A celebrity and a hero are definitions which are poles apart and which give distinct meanings in its use. A celebrity is portrayed as a person who has developed a “star” image. On the other hand, a hero has decided to do something which does not originally present any opportunities at self-advancement. Though many use both words interchangeable at times, they represent two different concepts, ideologies, and people. What clarifies meaning between these two words in the face of ambiguity is context. In modern American society, the adulation of celebrities and American idols is very commonplace.
People who have made no meaningful contribution to the world besides entertainment and self-display is what would be classified as being a celebrity. Vast audiences are fascinated by celebrities, who have become popular because of their wealth, beauty, career, dynamic personality, bohemian lifestyles, and / or an exceptional ability to amuse the world. The media (paparazzi) usually chases after these famous individuals in order to get the latest scoop in what is going on behind the curtain in their private lives. The celebrity stands as a societal cynosure for the person naturally draws a crowd.
Celebrities are featured very often in the media since public popularity translates to higher ratings and more endorsements from corporations and financial institutions who desire to capitalize on the attention as well, hence the celebrity becomes an “advertised” icon. The aim of the celebrity is mainly to earn money and advance his or her career or personal agenda so that the ulterior motive is monetarily defined, and where projecting a successful, glamorous image is all-important. The etymology of celebrity derives from the Latin word celibritatem or celebritas which signifies renown and multitude; crowded and frequented.
In 1600 “celebrity” meant the state of being famous and from 1849 it assumed new meaning that is in often use today, a famous person. The celebrity’s world is more often self-focused when compared against the hero’s. The nobility of the hero is the emphasis whenever he or she is represented; this is in contrast to the celebrity who has a more superficial focus. The irony of heroism is that the origins of the word hero actually identified the worship of a half-man and half-supernatural being (demigod), widely accepted among the Greeks who had a pantheon of gods whom they venerated.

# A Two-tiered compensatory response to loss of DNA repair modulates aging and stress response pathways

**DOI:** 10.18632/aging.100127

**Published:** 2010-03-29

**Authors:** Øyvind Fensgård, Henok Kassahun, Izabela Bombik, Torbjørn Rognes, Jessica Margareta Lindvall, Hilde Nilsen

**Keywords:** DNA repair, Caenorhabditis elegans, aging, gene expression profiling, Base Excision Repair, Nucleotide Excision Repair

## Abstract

Hero comes from the Greek words herwos and Herwa which is link to the worship of the goddess Hera, the deity of marriage who protects and defends. However, the word Heros is affiliated with the Latin seruare, which bears connotations of safeguarding or safekeeping. Seeing that Hera worship in Greek religion and mythology was so popular and drew the masses, it can be no doubt that the hero or heroine came to symbolize an individual who also attracts attention. The hero fades in and out of public attention and can often sink into obscurity after a while.
The greatest indignity against heroes is forgetting what they have done to contribute to the greater good of society and in helping men, women, and children realize their dreams or the hero protects and saves other sacrificially neglecting his or her own well-being and safety. Although popularity vacillates, the reputation of the hero is solid more likely to be remembered since his or her actions give a more outstanding and honorable memorial of the life-if not in the lifetime, posthumously. Posthumous appreciation and respect are never endowed to simple celebrities.
There is an inherent confusion between both worlds of celebrity-hood and heroism since heroes often transform to celebrities overnight. Philanthropy, excellent achievement, and bravery are virtues which tend to be esteemed and recognized. Although deserved recognition does not happen at all times, it happens often enough to correctly identify a few hero-celebrities. Sometimes the hero may be featured so often, paraded before the public that he or she may make the decision to commercialize the developed image and capitalize on the popularity.
Another category of hero is the one who does noble acts without the expectation of financial reward or compensation and who refuses such – and refuses to set a price on beneficent deeds. Contrary to modern perception, heroism does not only mean extraordinary. Nevertheless because of the sensationalism prevalent in the media today, larger-than-life characters appear and disappear. Ordinary people are heroes in their own way. Doing something that another person would not elect to do, given a certain situation, places him or her above the peers. Moral caliber and willingness to serve others are two defining traits of the hero.
At the same time, celebrities may perform acts of charity which may be termed as heroism. However, one would question the inspiration of such actions – if it springs from a determination to be of service or to be published in the media, and enhance the self-image. In conclusion, motives are often the touchstone test which decides who want to be a celebrity or hero. Heroism does not depend heavily on popularity or a constant following. Doing selfless acts automatically places one in the position of hero. Heroism’s main goal is not recognition but respect for one’s fellowman, whereas celebrity-hood has claims of fame, fortune, and flair.